The question that Dr. Raghuram Rajan, governer of RBI in his professor of political economy avatar, asks is
But how do countries ensure political freedom and economic prosperity? Why do the two seem to go together? And what more, if anything, does India have to do to ensure it has these necessary underpinnings for prosperity and continued political freedom?
Dr. Rajan starts by explaining Fukuyama’s three pillars of a liberal democratic state
- Strong Government: Strong government does not only mean one which has great military power or effective intelligence against enemies, but one that can provide effective and fair administration too. Dictatorships are usually weak governments. They can terrorize their citizens, but not provide good governance.
- Rule of Law: Government’s actions are constrained by rule of law, which might be enforced by religious, judicial or moral authority.
- Democratic Accountability: Government has to be popularly accepted.
Strong governments do not always move in the right direction.
Hitler provided Germany with extremely effective administration – the trains ran on time, as did the trains during our own Emergency in 1975-77. His was a strong government, but Hitler took Germany efficiently and determinedly on a path to ruin, overriding the rule of law and dispensing with elections.
Both rule of law and democratic accountability are needed to steer a strong government on the right path. (Why both? Read the explanation in the full text of the speech.)
Dr. Rajan then goes on to introduce a fourth pillar in his discussion – free enterprise.
Why are political freedoms in a country, of which representative democracy is a central component, and free enterprise mutually supportive?
It isn’t quite obvious that they should be. Democracy treats everyone equally. Free market system does not. Income and property decide an individual’s power in a free market system. But despite this difference there are certain circumstances in which they go hand and in hand.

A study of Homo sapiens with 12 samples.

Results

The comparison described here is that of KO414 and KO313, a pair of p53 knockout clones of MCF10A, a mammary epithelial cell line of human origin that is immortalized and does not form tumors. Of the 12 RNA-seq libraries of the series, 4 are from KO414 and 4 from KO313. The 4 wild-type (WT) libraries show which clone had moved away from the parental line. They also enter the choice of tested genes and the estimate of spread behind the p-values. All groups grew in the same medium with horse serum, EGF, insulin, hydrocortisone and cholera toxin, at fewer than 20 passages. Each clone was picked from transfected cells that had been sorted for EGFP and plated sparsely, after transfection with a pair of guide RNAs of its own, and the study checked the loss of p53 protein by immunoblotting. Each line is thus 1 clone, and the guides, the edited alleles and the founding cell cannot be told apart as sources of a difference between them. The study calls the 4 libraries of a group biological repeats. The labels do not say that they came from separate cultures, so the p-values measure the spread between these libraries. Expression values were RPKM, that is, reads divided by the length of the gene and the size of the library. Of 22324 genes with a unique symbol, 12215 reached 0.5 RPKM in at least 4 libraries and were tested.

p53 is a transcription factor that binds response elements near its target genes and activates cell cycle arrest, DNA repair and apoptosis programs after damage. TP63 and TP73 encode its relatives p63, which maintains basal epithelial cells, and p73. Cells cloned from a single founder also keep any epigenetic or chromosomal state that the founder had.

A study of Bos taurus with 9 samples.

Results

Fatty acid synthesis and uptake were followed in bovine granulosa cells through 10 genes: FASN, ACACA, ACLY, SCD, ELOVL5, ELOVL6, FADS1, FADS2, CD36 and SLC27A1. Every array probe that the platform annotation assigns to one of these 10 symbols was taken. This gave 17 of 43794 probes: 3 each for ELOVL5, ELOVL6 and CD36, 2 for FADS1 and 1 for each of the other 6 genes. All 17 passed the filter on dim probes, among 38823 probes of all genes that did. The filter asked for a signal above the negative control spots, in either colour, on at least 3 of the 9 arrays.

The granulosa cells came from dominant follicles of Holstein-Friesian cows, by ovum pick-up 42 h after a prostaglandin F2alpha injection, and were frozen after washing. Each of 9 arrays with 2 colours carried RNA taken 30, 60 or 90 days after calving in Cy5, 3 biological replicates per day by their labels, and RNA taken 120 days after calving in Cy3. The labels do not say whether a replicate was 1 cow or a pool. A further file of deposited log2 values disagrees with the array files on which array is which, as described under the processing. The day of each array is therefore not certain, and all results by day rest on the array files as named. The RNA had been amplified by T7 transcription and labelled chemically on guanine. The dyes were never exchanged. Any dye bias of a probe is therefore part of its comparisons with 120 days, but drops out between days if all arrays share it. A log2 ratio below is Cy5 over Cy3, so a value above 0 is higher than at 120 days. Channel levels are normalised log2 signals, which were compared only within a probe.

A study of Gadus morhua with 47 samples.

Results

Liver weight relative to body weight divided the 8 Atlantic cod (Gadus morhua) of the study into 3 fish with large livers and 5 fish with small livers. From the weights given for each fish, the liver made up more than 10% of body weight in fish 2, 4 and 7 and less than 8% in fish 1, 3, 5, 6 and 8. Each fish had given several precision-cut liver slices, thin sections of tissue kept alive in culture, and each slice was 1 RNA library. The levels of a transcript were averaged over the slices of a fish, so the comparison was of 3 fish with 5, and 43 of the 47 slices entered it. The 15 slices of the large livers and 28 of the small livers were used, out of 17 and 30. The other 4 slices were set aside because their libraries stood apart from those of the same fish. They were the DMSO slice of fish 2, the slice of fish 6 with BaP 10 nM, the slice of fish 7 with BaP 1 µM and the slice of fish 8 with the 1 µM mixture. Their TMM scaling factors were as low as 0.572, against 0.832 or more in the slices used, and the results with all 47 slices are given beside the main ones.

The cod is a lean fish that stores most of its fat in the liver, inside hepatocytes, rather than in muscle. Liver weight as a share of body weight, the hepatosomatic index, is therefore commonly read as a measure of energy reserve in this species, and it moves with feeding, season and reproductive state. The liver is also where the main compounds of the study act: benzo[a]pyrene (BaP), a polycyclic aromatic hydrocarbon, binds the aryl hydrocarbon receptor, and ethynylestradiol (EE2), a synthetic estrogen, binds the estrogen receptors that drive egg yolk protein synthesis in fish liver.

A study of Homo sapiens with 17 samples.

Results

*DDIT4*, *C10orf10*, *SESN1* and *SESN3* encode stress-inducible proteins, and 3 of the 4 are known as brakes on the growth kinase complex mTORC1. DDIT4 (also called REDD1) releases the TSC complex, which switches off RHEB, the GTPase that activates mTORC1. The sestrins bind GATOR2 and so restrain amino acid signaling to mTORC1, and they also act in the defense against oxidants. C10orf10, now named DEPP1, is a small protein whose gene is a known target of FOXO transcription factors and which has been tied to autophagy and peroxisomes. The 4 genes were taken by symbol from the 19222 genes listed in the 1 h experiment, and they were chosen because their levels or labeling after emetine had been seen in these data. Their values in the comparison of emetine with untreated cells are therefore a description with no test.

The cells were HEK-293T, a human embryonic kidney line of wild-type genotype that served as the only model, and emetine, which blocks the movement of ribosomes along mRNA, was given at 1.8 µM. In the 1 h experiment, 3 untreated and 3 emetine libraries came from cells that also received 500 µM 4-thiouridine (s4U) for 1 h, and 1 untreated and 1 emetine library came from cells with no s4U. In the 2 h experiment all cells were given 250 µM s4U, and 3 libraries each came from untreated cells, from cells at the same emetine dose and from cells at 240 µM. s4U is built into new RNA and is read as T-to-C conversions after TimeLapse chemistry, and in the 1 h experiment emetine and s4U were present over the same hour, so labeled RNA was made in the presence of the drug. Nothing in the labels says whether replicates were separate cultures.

(To) the extent that the rich are self-made, and have come out winners in a competitive, fair, and transparent market, society may be better off allowing them to own and manage their wealth, settling in return for a reasonable share of their produce as taxes. The more, however, that the rich are seen as idle or crooked – as having simply inherited or, worse, gained their wealth nefariously – the more the median voter should be willing to vote for tough regulations and punitive taxes on them.
The key, then, is level playing field. When there is a perception of fairness in competition, inequality does not breed resentment. Democracy and free market support each other by giving everyone the opportunity.
The level playing field, however, is easier hoped than achieved.
(In Western democracies) quality higher educational institutions are dominated by the children of the rich, not because they have unfairly bought their way in, but because they simply have been taught and supported better by expensive schools and private tutors. Because middle class parents do not have the ability to give their children similar capabilities, they do not see the system as fair.
This is something India needs to be careful about. Right now we are moving in the direction of providing level-playing field to more and more people by giving access to education. But it would not automatically remain so.
In the concluding part, Dr. Rajan makes an interesting point about India’s political situation. He is of the view that (despite many shortcomings), the checks and balances on the government is not in a bad shape. The rule of law and democratic accountability is functional here. But strong government is still wanted. This is a situation unique to India because in most parts of the world, strong governments have emerged first and checks and balances have followed.
Let me emphasize, we need “checks and balance”, but we should ensure a balance of checks. We cannot have escaped from the License Permit Raj only to end up in the Appellate Raj!
Read the complete speech on scroll.in.
Like our recommendations? Get them in your inbox. Once a month.